Rendering

To render your scene, switch to the "Render" tab above the viewport and you should see a window similar to this one (but with a black viewport):

cycles_renderer.png

Here you can choose between three renderers:

  • Cycles: The same renderer as used by Blender to create highly realistic images.
  • LuxCoreRender: Another path-tracing renderer (like Cycles)
  • Pragma: Pragma's internal renderer

Which renderer you should choose depends on your goal and hardware setup. If you're planning on creating a poster or single-frame images, Cycles or LuxCoreRender would be the best choice to get the highest possible quality.

For animations, Pragma is the recommended renderer. You can use Cycles or LuxCoreRender for animations, however you can expect many hours or render time, even for short animations and with modern hardware.

If you want to get a quick preview render, click the "Render Preview" button. This will render an image with a very low sample count and low resolution, which will give you a rough idea of what the final render will look like. To render your final image(s), press the "Render Image(s)" button.

When rendering an image for a new project or a new map for the first time, Pragma may appear frozen for a few minutes, this is because some additional asset conversions are required for the Cycles/LuxCoreRender renderers, and some shaders may have to be recompiled. Subsequent renders should not take as long.

The render options to the right can be used to change the resolution of your render, sample count, number of frames, etc. You can leave most of these options on their defaults in most cases, but here are some of the more important options:

  • Render Engine: Which render engine to use. You can choose between "Cycles X", "LuxCoreRender" and "Pragma".
  • Device Type: You can render with either your CPU or your GPU. This option only affects rendering speed, the end-result is the same. If you have a modern GPU, you may want to consider switching to GPU rendering.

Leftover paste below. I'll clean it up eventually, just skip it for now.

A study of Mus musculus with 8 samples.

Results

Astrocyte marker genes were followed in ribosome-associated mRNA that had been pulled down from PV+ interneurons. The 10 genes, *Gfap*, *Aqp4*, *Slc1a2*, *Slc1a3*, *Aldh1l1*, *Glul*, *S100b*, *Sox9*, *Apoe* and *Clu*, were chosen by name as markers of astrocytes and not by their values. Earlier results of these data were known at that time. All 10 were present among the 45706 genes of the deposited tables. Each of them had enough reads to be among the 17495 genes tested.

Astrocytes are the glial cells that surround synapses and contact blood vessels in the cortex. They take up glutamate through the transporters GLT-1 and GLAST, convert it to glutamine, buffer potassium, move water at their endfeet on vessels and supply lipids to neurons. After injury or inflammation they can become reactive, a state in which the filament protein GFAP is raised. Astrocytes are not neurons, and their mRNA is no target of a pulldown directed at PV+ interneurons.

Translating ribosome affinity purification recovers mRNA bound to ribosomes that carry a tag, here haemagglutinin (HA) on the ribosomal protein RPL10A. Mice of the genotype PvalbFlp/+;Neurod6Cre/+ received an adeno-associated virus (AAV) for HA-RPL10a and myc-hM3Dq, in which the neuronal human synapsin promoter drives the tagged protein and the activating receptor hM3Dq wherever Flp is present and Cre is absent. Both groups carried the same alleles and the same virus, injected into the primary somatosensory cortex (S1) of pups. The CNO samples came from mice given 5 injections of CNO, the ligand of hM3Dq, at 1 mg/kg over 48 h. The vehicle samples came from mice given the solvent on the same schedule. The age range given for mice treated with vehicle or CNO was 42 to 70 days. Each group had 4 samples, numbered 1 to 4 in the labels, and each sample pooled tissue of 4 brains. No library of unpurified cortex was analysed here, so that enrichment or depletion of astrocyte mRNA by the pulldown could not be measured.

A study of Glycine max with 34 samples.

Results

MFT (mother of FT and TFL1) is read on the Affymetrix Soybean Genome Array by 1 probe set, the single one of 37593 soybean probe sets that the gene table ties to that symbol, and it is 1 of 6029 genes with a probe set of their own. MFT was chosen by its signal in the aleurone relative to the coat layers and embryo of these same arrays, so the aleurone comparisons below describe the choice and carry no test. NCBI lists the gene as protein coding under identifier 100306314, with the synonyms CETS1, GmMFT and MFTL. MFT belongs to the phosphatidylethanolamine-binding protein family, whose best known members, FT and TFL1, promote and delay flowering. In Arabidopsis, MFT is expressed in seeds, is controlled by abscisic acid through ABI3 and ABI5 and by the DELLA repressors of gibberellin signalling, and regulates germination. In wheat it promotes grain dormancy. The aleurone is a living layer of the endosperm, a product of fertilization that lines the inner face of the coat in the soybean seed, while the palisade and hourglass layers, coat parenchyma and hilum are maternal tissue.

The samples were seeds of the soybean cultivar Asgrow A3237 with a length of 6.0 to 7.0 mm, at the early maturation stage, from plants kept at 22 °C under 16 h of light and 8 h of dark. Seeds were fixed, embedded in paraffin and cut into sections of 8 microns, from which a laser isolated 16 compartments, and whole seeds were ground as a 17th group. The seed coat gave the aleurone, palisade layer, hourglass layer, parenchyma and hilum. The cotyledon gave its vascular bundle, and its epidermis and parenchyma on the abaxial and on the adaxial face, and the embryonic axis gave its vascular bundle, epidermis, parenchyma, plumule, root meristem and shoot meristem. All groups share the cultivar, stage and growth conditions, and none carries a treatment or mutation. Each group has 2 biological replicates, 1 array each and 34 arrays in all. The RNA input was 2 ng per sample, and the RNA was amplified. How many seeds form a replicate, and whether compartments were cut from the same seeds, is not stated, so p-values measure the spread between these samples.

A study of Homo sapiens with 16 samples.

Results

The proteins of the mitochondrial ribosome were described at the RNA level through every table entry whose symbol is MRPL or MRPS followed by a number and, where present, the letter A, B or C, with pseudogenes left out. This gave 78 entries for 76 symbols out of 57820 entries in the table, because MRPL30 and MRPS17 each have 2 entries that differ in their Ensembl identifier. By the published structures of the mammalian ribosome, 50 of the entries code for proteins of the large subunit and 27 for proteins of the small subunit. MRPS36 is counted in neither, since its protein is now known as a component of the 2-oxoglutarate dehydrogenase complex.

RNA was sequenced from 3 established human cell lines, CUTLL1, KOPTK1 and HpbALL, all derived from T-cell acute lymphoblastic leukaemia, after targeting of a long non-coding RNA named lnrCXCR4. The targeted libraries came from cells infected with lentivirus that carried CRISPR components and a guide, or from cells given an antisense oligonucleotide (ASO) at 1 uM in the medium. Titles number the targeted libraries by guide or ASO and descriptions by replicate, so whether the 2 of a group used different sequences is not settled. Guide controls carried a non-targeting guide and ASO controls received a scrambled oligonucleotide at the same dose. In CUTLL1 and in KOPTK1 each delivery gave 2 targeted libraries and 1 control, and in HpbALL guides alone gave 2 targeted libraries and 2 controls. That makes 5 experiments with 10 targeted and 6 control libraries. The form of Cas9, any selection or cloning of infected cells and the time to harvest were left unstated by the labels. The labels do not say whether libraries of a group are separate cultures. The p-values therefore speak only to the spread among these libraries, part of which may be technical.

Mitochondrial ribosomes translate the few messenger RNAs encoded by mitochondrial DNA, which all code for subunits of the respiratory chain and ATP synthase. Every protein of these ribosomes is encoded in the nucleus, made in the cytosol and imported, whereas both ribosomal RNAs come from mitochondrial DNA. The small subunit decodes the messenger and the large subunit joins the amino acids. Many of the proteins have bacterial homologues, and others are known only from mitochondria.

• Samples per Pixel: The higher the sample count, the higher quality your render will be, at the cost of rendering time. If you notice weird discolorations in your final render, or if you're using advanced render features (like subsurface scattering), you'll likely have to increase this value to get good results.
  • Resolution: The resolution of the render. You can choose between the presets, or hold the alt-key and click into the field to enter manual values (e.g. "1000x1200"). Higher resolutions will result in longer rendering times.
  • Max transparency bounces: This field is usually not important unless you have a lot of overlapping transparent objects in your scene. If you notice black spots around transparent objects, try increasing this value.
  • Light intensity factor: Controls the global light intensity of the scene (excluding lighting caused by the sky).
  • Number of frames to render: If you intend to render an image sequence, set this value to the number of frames you wish to render.
  • Output Format: The image format that the frames will be saved as once rendering is complete. If set to HDR, no tone-mapping will be applied and the image will be saved with the original 16-bit colors.
  • Enable camera frustum culling: If enabled, objects that are outside of the visible area of the camera are not included in the render. This can improve rendering times, but may also cause incorrect lighting in some scenes (especially indoor scenes).
  • Tone mapping: The tone-mapping algorithm to use to transform the HDR colors to sRGB space. Some tone-mappers have additional parameters to tweak the result.

 

Once rendering is complete, the image will automatically get saved to your harddrive. You can press the "Open Output Folder" to navigate to it in the system explorer.

When rendering a large sequence of images or images with a large sample count / high resolution with Cycles X or LuxCoreRender, it is recommended to use the external render tool instead. Please see that section for details.